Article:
Wistar Researchers Discover Potential Target for Gastric Cancers Associated with Epstein-Barr Virus
Italo Tempera, Wistar Institute
PHILADELPHIA, PA, Aug. 22, 2023 (GLOBE NEWSWIRE) — Now, scientists at The Wistar Institute have discovered a potential target for gastric cancers associated with Epstein-Barr Virus; study results were published in the journal mBio. In the paper, Wistar’s Tempera lab investigates the epigenetic characteristics of gastric cancer associated with the Epstein-Barr Virus: EBVaGC. In evaluating EBVaGC’s epigenetics — the series of biological signals associated with the genome that determines whether a given gene is expressed — the Tempera lab highlights a target that could advance as a future treatment for this type of cancer.
The work of Italo Tempera, Ph.D., associate professor in the Gene Expression & Regulation Program in the Ellen and Ronald Caplan Cancer Center, at The Wistar Institute, and collaborators demonstrates that an epigenetically active compound called decitabine disrupts the genome of EBVaGC by epigenetically modifying the cancer’s DNA, a finding that offers the potential for a new approach to treating EBVaGC.
“What we have identified is essentially a self-destruct button within this kind of cancer, and our paper shows that we figured out how to press that self-destruct button,” said Tempera. “Normally, a latent virus that reactivates and starts to kill cells is a bad thing. But by switching that viral lytic process back on in these cancer cells by using epigenetic signaling, we’re effectively getting the virus to kill the cancer cells that it’s responsible for in the first place.”
The research — supported by a research program project grant, otherwise known as a P01-series grant, from The National Institute of Health (NIH) — includes scientists from The Wistar Institute, The Coriell Institute for Medical Research and Brigham and Women’s Hospital of Harvard Medical School.
In EBVaGC, the cancer cells’ DNA is hypermethylated: the DNA contains a high percentage of cytosine with a 5-methyl group attached to it (relative to normal, unmethylated cytosine). As a silencer of gene expression, DNA methylation allows EBV to remain latent. This methylation pattern plays a significant role in regulating the EBV latency-lysis cycle within the cancer cells. DNA methylation, as an epigenetic factor, usually functions as a gene-silencing mechanism, particularly in certain regions of the genome; a methylated gene still exists within the genome — methylation does not delete the genetic information — but methylation can prevent the protein the gene encodes from being transcribed.
To disrupt this epigenetic profile, the researchers turned to decitabine, a compound known for its ability to reduce DNA methylation levels (i.e., to hypomethylate the DNA). Tempera and his co-authors treated two cell lines that were derived from EBVaGC tumors with decitabine. The cell lines that received the treatment demonstrated massive reductions in DNA methylation across the genome relative to the control as assessed by a variety of epigenetic assay techniques.
In observing the effects of decitabine treatment on EBVaGC, Tempera’s team found a significant disruption of the cancer’s epigenetic profile. The EBV genome within EBVaGC treated with decitabine resulted in widespread, mostly uniform hypomethylation of the EBVaGC epigenome (with a few regional exceptions). Tempera and his co-authors discovered that the hypomethylating effect of decitabine treatment reactivated the lytic cycle of the latent EBV in the cancer cells. Because lysis is lethal to cells, the epigenetic reactivation of lysis within gastric cancer associated with EBV offers a promising potential treatment for the specific subset of EBVaGC.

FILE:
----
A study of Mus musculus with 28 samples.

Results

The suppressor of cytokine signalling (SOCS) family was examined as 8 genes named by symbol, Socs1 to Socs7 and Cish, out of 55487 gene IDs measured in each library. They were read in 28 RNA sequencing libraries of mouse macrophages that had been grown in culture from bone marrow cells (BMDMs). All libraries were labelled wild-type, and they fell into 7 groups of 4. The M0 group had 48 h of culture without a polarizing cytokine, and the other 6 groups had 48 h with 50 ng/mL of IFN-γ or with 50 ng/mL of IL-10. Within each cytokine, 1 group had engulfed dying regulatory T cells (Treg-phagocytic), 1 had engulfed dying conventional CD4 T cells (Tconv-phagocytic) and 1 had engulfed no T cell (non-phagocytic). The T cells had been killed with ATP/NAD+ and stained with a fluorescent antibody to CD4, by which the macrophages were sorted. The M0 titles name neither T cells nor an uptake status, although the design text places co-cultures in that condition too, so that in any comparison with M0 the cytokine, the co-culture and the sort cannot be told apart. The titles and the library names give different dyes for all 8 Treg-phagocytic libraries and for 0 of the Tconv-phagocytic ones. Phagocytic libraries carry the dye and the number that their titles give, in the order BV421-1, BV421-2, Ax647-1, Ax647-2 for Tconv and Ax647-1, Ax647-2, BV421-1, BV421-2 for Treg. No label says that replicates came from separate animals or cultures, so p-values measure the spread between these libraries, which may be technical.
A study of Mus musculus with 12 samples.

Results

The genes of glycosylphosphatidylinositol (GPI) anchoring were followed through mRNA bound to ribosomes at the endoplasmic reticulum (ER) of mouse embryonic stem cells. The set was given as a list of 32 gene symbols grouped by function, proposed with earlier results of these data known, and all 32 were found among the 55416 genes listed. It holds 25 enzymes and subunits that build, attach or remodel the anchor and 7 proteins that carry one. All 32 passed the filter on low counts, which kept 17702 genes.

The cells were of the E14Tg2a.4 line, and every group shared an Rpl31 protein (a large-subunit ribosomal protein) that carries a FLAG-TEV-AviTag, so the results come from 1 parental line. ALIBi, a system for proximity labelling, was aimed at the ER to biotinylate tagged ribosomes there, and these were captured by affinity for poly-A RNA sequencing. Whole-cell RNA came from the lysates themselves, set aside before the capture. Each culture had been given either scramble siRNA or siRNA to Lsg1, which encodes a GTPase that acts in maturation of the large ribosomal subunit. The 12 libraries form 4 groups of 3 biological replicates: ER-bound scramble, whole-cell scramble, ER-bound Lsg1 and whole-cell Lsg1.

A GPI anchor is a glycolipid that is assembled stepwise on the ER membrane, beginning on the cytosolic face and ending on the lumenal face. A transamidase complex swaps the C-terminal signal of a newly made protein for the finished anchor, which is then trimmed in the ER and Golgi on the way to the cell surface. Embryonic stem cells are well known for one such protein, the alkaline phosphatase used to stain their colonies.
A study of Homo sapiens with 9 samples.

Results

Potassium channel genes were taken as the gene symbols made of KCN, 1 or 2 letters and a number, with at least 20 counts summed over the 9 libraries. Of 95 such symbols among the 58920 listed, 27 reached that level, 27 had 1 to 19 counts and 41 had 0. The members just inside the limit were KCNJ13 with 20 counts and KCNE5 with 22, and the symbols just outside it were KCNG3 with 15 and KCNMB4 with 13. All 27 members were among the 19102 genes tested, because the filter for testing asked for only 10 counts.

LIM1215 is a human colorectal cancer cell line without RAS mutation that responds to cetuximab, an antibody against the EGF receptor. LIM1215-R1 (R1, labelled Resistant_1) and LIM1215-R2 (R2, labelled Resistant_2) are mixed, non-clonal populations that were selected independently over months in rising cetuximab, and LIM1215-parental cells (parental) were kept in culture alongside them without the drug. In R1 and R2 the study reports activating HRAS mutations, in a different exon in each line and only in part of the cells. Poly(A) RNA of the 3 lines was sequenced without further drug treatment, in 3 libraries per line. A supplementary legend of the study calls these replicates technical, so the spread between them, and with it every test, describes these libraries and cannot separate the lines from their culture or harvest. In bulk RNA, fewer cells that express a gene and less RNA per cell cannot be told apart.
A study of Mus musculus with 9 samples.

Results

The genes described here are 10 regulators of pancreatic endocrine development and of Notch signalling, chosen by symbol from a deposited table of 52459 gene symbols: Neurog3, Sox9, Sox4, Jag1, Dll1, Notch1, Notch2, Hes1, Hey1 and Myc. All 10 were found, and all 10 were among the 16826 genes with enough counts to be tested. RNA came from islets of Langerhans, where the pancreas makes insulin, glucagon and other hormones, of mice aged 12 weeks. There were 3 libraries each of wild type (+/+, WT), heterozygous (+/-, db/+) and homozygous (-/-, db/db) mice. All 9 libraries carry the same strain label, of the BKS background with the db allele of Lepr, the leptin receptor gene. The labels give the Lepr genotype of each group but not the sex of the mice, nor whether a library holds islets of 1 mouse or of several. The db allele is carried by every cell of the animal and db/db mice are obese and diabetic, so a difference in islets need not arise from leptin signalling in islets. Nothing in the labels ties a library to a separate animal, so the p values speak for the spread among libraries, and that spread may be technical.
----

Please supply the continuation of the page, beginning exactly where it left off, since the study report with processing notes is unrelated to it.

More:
“Now we know that we can use the epigenome of Epstein Barr Virus against the gastric cancer that it affects — that’s an exciting potential cancer therapy we have as a result of investigating the interplay between epigenetic patterns and disease lifecycle,” explained Tempera.
Co-authors: Sarah Preston-Alp, Lisa Beatrice Caruso, Chenhe Su, Samantha S. Soldan, Davide Maestri, Andrew Kossenkov, Giorgia Napoletani, Paul M. Lieberman and Italo Tempera of The Wistar Institute; Kelsey Keith and Jozef Madzo of The Coriell Institute for Medical Research; and Benjamin Gewurz of Brigham and Women’s Hospital of Harvard Medical School.
Work supported by: National Institutes of Health (NIH) grants P30 CA010815, R01 AI130209, R01 GM124449, P01 CA269043, R01 DE017336, R01 CA259171, R01 CA09360, R01 AI1535086, R01 AI164709, R01 CA228700, U01 CA275301, R50 CA211199 and T32 CA09171.
Publication information: “Decitabine disrupts EBV genomic epiallele DNA methylation patterns around CTCF binding sites to increase chromatin accessibility and lytic transcription in gastric cancer” from mBio.
The Wistar Institute, the first independent, nonprofit biomedical research institute in the United States, marshals the talents of an international team of outstanding scientists through a culture of biomedical collaboration and innovation. Wistar scientists are focused on solving some of the world’s most challenging and important problems in the field of cancer, infectious disease, and immunology. Wistar has been producing groundbreaking advances in world health for more than a century, consistent with its legacy of leadership in biomedical research and a track record of life-saving contributions in immunology and cell biology. wistar.org.
- Italo Tempera, Wistar Institute
CONTACT: Darien Sutton The Wistar Institute 215-870-2048 [email protected]
Disclaimer: The above press release comes to you under an arrangement with GlobeNewswire. AfternoonHeadlines.com takes no editorial responsibility for the same.